On August 23, 2016, the International Trade Commission (“ITC”) issued the public version of its Final Opinion in Certain Three-Dimensional Cinema Systems and Components Thereof, Inv. No. 337-TA-939, clarifying the effect of Inter Partes Review (IPR) proceedings on Section 337 Investigations.  As noted in our July 2016 Client Alert, the ITC issued, but suspended enforcement of, a limited exclusion order for products that infringe a patent previously found unpatentable by the PTAB in a final IPR decision.  The Commission’s Opinion now provides the rationale for that decision.  The ITC holds that a final IPR decision does not have preclusive effect in a Section 337 Investigation.  Furthermore, under the circumstances of this particular case, the ITC decided to exercise its broad discretion to suspend enforcement of the remedial orders with respect to the patent adjudicated by the PTAB.

The Case

On December 16, 2015, Administrative Law Judge Essex issued an initial determination (ID) finding a violation of 19 U.S.C. § 1337 based on infringement of three asserted U.S. patents (Nos. 8,220,934, 7,857,455, and 7,959,296).  On February 16, 2016, the ITC determined to review the ID in part.  During the pendency of the ITC’s review, on April 14, 2016, the PTAB issued a final written decision finding certain of the claims of one of the asserted patents (the ‘934 Patent) unpatentable.  On April 18, 2016, the ITC issued a Notice requesting that the parties brief the Commission on the effect of the PTAB’s final written decision on the ITC’s pending final determination.  On July 20, 2016, the ITC determined to issue an exclusion order and cease and desist order based on the importation of products that infringe all three asserted patents.  It also specifically determined that the asserted claims of the ‘934 Patent, two of which were found unpatentable by the PTAB in its final decision, are not invalid.  However, in light of the PTAB’s decision, the ITC suspended enforcement of the limited exclusion order and cease and desist order with respect to the ‘934 Patent pending appeal.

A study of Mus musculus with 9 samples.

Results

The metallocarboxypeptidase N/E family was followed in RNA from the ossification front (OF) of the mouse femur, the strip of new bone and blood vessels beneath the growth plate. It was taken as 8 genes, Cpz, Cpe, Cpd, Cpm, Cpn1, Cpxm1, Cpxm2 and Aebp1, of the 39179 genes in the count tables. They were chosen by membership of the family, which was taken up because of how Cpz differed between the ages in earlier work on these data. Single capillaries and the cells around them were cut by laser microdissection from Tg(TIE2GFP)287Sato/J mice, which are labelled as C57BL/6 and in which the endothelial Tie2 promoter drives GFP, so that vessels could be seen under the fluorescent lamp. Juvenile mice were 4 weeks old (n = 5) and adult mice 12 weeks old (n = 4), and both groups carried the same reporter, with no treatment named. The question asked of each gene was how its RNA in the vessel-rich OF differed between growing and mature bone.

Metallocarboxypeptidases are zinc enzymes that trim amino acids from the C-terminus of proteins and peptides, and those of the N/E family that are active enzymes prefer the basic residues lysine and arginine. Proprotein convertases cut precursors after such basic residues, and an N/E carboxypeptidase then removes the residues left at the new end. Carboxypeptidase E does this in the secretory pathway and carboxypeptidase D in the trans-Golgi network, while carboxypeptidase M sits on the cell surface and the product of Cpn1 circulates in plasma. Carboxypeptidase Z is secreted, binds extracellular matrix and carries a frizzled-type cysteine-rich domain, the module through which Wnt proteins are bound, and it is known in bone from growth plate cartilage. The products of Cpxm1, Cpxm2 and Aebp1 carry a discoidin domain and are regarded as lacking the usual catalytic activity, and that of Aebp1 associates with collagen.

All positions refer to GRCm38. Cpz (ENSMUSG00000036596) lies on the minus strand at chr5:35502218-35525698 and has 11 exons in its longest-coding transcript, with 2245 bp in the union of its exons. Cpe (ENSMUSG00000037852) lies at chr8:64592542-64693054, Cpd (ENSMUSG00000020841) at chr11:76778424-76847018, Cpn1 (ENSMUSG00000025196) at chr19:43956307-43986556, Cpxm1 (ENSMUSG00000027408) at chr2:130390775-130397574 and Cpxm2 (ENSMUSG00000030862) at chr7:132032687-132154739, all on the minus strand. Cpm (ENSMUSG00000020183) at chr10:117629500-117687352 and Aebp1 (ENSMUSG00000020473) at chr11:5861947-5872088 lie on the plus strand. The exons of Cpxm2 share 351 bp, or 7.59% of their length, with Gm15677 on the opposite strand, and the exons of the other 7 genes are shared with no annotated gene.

The newly-issued public version of the Opinion that accompanied the exclusion order provides the ITC’s rationale.  First, the ITC held that an IPR final decision does not have a preclusive effect in Section 337 investigations because (1) the PTAB utilizes a broadest reasonable interpretation of the claims while the ITC uses Phillips claim construction principles, and (2) the burden of proof for unpatentability in an IPR proceeding is preponderance of the evidence while invalidity must be proven by clear and convincing evidence in a Section 337 investigation.

Next, the ITC explained that it is not bound by factual determinations made by the PTAB with respect to secondary considerations.  For example, the PTAB found that there was not a nexus between the claimed invention and evidence of commercial success and industry praise.  The ITC held that it was not bound to this finding because the complainant had satisfied the technical prong of domestic industry (i.e. the complainant proved by a preponderance of the evidence that its commercial product practices the patent).

Finally, the ITC clarified that its decision to suspend enforcement of the remedial orders with respect to the ‘934 Patent was discretionary.  The ITC listed the advanced posture of the IPR proceeding and the fact that the respondent’s products would still be subject to immediate exclusion (the exclusion order was not suspended with respect to the ‘455 and ‘926 Patents) as factors supporting the suspension of the ‘934 remedial orders.


The Commission’s Opinion continues the trend of the ITC showing little deference to PTAB IPR decisions.  While the respondent in this case was able to obtain a suspension of the ‘934 Patent remedial orders, the stay has little practical effect as the respondent’s products are still subject to immediate exclusion based on a violation of Section 337 with respect to the other two asserted patents.  The ITC cited this as a factor that favored suspension of enforcement.  Thus, it remains an open question whether the ITC would have suspended the ‘934 remedial orders if the products were not going to be subject to immediate exclusion.  The ITC’s position on parallel PTAB proceedings makes it an attractive venue to obtain swift adjudication of intellectual property rights.